Better Care for High Cost, High Need Beneficiaries

NCHC Writer




Today we released a fact sheet, Care Coordination for High-Cost, High-Need Beneficiaries, the third in our fact sheet series spotlighting challenges facing the U.S. health system and offering our recommendations for improving the quality and affordability of health care. The fact sheet can be found here.

Care Coordination for High-Cost, High-Need Beneficiaries describes the difficulties confronting those Medicare and Medicaid beneficiaries who have the highest needs and generate the highest costs.  It also identifies key policy opportunities to improve care for these patients.  These include integrating behavioral health and primary care services, promoting patient-centered care planning, and improving chronic care and care coordination in Medicare Advantage plans and Medicare Accountable Care Organizations.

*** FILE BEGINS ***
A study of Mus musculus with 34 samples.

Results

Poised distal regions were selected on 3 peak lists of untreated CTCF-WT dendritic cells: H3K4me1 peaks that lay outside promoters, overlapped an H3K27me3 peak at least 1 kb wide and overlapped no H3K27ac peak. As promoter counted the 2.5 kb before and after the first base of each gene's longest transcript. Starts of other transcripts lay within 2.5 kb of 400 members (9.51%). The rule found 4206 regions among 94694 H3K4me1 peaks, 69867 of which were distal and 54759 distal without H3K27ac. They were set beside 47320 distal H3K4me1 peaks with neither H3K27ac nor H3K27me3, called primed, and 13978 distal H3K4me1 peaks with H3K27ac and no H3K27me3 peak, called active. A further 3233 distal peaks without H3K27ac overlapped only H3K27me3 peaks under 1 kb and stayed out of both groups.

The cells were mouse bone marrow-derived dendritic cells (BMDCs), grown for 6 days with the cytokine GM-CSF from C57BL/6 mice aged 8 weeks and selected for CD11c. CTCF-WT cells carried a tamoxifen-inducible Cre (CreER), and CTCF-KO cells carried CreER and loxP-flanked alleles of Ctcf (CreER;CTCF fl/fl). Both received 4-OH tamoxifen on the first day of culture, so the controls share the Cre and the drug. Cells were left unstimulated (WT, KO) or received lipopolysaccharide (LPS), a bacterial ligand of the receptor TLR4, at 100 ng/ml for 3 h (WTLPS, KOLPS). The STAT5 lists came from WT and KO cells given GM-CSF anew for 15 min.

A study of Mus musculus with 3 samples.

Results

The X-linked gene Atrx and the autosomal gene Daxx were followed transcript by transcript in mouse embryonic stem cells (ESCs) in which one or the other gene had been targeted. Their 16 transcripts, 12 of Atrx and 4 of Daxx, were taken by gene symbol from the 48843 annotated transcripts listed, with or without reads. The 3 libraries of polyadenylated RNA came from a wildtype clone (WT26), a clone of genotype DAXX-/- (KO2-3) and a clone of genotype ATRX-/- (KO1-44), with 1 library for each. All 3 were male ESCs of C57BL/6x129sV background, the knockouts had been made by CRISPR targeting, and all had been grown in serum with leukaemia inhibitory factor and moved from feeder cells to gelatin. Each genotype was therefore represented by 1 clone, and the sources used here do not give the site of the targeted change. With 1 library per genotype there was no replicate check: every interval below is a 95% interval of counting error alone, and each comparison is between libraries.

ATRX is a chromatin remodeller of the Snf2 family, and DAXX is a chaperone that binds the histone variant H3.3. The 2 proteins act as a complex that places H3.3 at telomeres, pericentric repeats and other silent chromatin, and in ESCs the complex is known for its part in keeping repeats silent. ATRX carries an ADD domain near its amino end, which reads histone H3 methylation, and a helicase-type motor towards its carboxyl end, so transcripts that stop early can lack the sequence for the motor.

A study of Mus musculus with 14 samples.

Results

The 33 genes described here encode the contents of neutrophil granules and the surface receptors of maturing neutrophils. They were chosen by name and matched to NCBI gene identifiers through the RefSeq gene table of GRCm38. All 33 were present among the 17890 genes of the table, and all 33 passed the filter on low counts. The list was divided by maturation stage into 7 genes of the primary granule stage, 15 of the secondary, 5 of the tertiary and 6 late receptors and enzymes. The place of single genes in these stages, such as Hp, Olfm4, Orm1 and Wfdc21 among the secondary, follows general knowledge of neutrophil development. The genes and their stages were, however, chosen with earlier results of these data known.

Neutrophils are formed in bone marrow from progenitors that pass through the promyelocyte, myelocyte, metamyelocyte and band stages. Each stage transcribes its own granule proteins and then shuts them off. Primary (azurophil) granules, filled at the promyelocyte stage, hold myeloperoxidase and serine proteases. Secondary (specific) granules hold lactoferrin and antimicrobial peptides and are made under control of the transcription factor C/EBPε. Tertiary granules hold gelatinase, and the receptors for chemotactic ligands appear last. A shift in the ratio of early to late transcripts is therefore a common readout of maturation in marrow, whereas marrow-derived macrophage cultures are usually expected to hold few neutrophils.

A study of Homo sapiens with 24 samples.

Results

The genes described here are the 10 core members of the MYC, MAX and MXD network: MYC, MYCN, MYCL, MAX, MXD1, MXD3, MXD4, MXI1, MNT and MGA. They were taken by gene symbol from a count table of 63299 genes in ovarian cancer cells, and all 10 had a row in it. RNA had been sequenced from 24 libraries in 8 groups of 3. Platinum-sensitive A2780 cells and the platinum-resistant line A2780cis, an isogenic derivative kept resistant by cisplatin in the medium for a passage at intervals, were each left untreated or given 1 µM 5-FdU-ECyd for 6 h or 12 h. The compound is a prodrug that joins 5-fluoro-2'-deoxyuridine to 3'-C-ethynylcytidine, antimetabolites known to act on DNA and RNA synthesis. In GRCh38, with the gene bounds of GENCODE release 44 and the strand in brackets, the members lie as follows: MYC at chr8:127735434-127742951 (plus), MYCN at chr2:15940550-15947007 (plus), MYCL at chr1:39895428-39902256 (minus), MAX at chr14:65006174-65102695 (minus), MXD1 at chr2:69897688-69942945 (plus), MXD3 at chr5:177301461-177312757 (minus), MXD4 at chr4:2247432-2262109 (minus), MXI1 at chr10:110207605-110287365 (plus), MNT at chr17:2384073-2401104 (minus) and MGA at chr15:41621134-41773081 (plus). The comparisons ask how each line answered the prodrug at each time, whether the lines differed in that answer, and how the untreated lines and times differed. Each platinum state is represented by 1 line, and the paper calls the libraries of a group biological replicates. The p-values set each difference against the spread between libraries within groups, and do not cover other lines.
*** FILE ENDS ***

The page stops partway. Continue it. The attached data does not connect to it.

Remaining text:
What does this have to do with affordability?  Medicare beneficiaries with multiple chronic conditions accounted for 93 percent of total Medicare spending, and 98 percent of Medicare hospital readmissions in 2010. In addition, the average per capita Medicare spending for beneficiaries with one or more chronic conditions and one or more functional limitations (limitations that require help with activities of daily living, such as eating, bathing and dressing) was nearly twice that as average per capita spending for beneficiaries with three or more chronic conditions.

For Medicare beneficiaries with behavioral health conditions, spending is even higher.  In 2010, Medicare spent an average of $43,792 per beneficiary aged 65+ with both severe mental illnesses and substance use disorders compared to an average of $8,649 per beneficiary for all beneficiaries aged 65+.

As we look for ways to improve our health care system, a focus on better and more affordable care for high-cost, high need beneficiaries is a good place to start.